Today the Open Internet Order of the Federal Communications Commission officially hit the broadband industry. The impact of this change will not be immediately obvious to all who use the Internet, but over time the crippling regulations will produce a lasting effect on the Internet economy. For small businesses directly and tangentially related to the Internet, the impact could be especially profound.
The public-utility regulations, dating back to the 1930s, that the FCC dusted off and applied to the Internet are entirely inappropriate for promoting competition and innovation and encouraging investment. Designed for controlling the old Ma Bell monopoly, these old-fashioned utility regulations have long been irrelevant but have been given new life under the Open Internet Order.
Competition has been thriving, and the speed of technological innovation requires a nimble, light regulatory approach. Content companies like Google continue to expand fiber offerings, while traditional providers like Verizon and Comcast continue to compete with content, acquiring NBC and AOL, respectively.
The Internet has changed more in its short lifetime than telephone services have in nearly a century. So it should surprise no one when public-utility regulations prove inadequate to the job of maintaining strong competition or encouraging future investment. The collateral damage felt downstream, hampering small providers and would-be market entrants alike with colossal regulatory costs, is inevitable.
Nowhere is this truer than with small Internet providers, companies that often go into areas that large providers will not. Take, for example, KWISP Internet, which “serves 475 customers in rural northern Illinois,” as FCC commissioner Aji Pai, a Republican, explains in media release issued last month:
“As a result of the regulatory uncertainty and costs created by the FCC’s decision [to adopt President Obama’s plan to regulate the Internet], KWISP plans to delay network upgrades that would have upgraded customers from 3Mbps to 20Mbps service, new tower construction that would have brought service to unserved areas, and capacity upgrades that would reduce congestion for existing customers. . . . KWISP worries that even a frivolous lawsuit brought under the Order could force ownership to “close the business.”
This is no isolated incident. For everything that KWISP offers, its president Kenneth Hohhof explained to Ars Technica, “we will have to pay a telecom lawyer to review to see if we are exposing ourselves to either a complaint to the FCC that could result in fines or, as we understand it, we will now be exposed to civil damages.”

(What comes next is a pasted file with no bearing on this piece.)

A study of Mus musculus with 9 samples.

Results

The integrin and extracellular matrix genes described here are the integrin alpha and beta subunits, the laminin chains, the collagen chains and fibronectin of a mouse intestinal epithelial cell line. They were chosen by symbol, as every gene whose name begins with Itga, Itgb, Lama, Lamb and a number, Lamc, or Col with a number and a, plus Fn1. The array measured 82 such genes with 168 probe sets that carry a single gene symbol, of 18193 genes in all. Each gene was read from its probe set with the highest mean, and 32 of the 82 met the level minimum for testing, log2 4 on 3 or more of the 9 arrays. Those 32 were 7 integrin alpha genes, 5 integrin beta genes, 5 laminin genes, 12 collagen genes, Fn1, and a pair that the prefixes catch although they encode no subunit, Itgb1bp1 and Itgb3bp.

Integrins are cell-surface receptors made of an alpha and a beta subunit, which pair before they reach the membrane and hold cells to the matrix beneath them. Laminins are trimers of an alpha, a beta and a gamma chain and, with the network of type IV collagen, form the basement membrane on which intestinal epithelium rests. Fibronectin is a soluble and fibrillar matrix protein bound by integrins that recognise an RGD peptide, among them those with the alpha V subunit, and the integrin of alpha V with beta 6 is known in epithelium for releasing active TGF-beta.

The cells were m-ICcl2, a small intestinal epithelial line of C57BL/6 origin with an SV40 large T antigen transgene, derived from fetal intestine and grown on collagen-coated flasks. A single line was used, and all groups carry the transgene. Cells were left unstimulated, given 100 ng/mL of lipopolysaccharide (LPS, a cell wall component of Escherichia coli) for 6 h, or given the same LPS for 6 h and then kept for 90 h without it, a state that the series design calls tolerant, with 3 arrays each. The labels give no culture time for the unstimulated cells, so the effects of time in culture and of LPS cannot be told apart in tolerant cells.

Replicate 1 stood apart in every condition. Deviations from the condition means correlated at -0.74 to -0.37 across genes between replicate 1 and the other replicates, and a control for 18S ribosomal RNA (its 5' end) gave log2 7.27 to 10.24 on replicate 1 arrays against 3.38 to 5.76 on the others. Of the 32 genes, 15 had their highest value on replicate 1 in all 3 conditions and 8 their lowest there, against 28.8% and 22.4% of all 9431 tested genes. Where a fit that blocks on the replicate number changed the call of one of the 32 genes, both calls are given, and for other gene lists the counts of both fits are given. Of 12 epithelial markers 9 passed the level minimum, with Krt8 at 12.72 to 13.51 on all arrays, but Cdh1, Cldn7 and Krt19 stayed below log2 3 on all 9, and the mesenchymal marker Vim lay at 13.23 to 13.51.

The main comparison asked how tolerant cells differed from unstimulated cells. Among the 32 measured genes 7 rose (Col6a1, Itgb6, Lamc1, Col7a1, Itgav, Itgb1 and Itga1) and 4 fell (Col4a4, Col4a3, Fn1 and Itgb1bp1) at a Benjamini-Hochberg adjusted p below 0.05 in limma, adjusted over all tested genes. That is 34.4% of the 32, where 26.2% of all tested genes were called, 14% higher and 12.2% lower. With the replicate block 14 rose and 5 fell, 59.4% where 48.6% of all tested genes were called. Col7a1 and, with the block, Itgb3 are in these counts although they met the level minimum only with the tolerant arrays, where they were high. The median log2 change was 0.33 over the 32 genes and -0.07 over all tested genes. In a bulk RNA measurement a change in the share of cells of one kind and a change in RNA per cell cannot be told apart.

Economist Hal Singer reported in a recent paper for the Progressive Policy Institute that ISP capital expenditures will fall between 5 and 12 percent “per year relative to 2014 levels — based on experience in the late 1990s and early 2000s, the last time telecommunications companies were subject to public-utility rules.” For small businesses reliant on top-down investment, this spells real trouble. Less investment means fewer equipment purchases, fewer installations, and, in the end, fewer jobs. If these small businesses go under, it will mean less competition for consumers to choose from or, in some cases, no service at all.
For decades, innovation in the tech sphere has been evolving at a blistering pace, and consumers and businesses alike have benefited from companies’ ability to create and launch new products and services without having to seek the FCC’s permission. For startups and small businesses, speed and momentum are critical. Many of them develop and differentiate their respective brands by introducing their best and newest innovations directly to consumers. Now that the FCC must approve any product or service they create, many of their most useful and creative concepts risk the prospect of lengthy evaluation and of eventual rejection by a government bureaucrat.
So today, though few Americans are taking note of it now, we move from a competitive marketplace, characterized by free-flowing exchange, to a “mother may I” regime managed by unelected regulators. As much as we love rooting and advocating for the underdog in America, even fervent optimists have to admit that the Open Internet Order doesn’t give America’s small businesses a fighting chance.